Chinese New Year Is Almost Here!!!

Hey, it’s Brian from KizugawaCity here.
This time I want to tell you about an important festival to many people in the world – Chinese New Year.




Taiwan foodThere are many traditions for celebrating Chinese New Year. Families prepare delicacies and gather together for a big meal on the eve of Chinese New Year. The meal typically includes a hot pot, a fish dish, dumplings, Chinese rice cake (similar to mochi), and daikon. There are many local variations of the content of the meal. In Taiwan, people eat chicken, leek, lima beans and spinach, including the root, for prosperity and longevity.


Guangdong_Nian_cake[1]With the common name “Chinese New Year,” some may think that it is only celebrated in China. Chinese New Year is also celebrated in Taiwan, Singapore, Malaysia, Thailand, UK, US, and other countries with a significant Chinese community. In the US, there are big celebrations in many cities such as New York, San Francisco, and Los Angeles. A big parade is held with many performances. Chinese New Year celebration has grown into a pan-Asian fusion celebration. Korean, Japanese, Vietnamese, and even Hispanic floats appear in the parade. The most iconic performance is the dragon dance. Firecrackers are lit to start the year with a bang.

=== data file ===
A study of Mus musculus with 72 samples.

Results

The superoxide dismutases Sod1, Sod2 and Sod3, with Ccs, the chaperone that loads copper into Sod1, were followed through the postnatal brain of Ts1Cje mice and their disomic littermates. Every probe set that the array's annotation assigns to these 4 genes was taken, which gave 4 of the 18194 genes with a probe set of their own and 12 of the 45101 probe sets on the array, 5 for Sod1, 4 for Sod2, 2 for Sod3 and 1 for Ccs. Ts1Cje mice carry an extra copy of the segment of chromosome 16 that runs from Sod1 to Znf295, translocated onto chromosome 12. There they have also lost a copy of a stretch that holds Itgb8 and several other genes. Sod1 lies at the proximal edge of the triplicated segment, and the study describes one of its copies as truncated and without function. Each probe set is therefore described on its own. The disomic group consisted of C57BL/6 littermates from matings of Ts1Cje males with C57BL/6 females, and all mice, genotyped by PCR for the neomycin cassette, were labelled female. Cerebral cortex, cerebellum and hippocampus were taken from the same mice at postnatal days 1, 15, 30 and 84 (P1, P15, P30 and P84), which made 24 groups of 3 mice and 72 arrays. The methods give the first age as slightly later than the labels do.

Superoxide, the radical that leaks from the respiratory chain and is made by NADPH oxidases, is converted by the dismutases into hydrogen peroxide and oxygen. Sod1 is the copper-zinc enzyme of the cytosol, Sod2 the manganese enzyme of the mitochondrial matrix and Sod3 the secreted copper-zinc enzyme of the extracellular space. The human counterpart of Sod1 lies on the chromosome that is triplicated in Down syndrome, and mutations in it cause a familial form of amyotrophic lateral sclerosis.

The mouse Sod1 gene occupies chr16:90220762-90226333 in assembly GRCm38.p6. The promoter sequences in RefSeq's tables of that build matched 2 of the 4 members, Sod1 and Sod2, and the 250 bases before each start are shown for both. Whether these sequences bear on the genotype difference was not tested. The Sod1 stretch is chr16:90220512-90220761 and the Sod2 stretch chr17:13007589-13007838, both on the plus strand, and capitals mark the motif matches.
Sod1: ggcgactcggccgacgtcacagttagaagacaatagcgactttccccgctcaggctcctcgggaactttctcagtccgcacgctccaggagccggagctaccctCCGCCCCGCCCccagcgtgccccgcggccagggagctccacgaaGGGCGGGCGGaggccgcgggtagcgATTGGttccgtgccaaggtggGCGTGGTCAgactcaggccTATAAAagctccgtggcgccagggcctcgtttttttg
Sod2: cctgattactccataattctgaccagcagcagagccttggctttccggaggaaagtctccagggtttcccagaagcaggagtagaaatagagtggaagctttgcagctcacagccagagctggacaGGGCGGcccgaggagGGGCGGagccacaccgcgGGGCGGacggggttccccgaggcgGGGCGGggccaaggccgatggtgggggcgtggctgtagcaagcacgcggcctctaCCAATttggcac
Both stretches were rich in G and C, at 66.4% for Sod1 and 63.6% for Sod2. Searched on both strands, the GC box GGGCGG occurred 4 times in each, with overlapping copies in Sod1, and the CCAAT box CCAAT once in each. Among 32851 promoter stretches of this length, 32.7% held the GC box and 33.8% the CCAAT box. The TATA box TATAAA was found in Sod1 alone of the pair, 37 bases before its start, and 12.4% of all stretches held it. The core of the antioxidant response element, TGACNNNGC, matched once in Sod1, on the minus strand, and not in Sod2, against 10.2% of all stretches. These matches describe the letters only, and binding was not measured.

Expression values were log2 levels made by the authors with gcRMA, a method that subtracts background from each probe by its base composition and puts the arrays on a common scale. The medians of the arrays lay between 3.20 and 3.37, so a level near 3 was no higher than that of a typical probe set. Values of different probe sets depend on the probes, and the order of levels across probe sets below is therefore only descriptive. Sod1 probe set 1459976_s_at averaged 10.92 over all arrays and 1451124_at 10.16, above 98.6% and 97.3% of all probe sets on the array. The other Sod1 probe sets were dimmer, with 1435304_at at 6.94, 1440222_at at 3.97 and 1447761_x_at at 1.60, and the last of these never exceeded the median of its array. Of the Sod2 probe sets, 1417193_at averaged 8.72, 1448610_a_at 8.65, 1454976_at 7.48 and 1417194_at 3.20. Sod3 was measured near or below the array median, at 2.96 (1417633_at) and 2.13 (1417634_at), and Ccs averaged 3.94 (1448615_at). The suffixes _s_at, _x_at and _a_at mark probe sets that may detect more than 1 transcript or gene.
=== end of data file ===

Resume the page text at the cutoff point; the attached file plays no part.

LA_ChineseNewYear[1]firecracker2[1]This year, it falls on January 31st. To prepare for Chinese New Year, people clean and decorate the house with oranges and calligraphy on walls and doors. You can research online for ways to celebrate Chinese New Year. If you are looking a reason for another cleaning day, Chinese New Year is right around the corner!



This entry was posted in Culture and Traditions - 外国の文化・習慣, International Exchange 国際交流 and tagged , , , . Bookmark the permalink.

2 Responses to Chinese New Year Is Almost Here!!!

  1. Why Lunar New Year is not celebrated by Japanese people?
    Korean people celebrate it as Seollal (설날).
    Vietnamese people also celebrate it.

  2. tabunkakyoto says:

    Maybe they did before… I think the tradition of Setsubun of welcoming the new spring is their way to celebrate it but you would have to ask a Japanese person to make sure!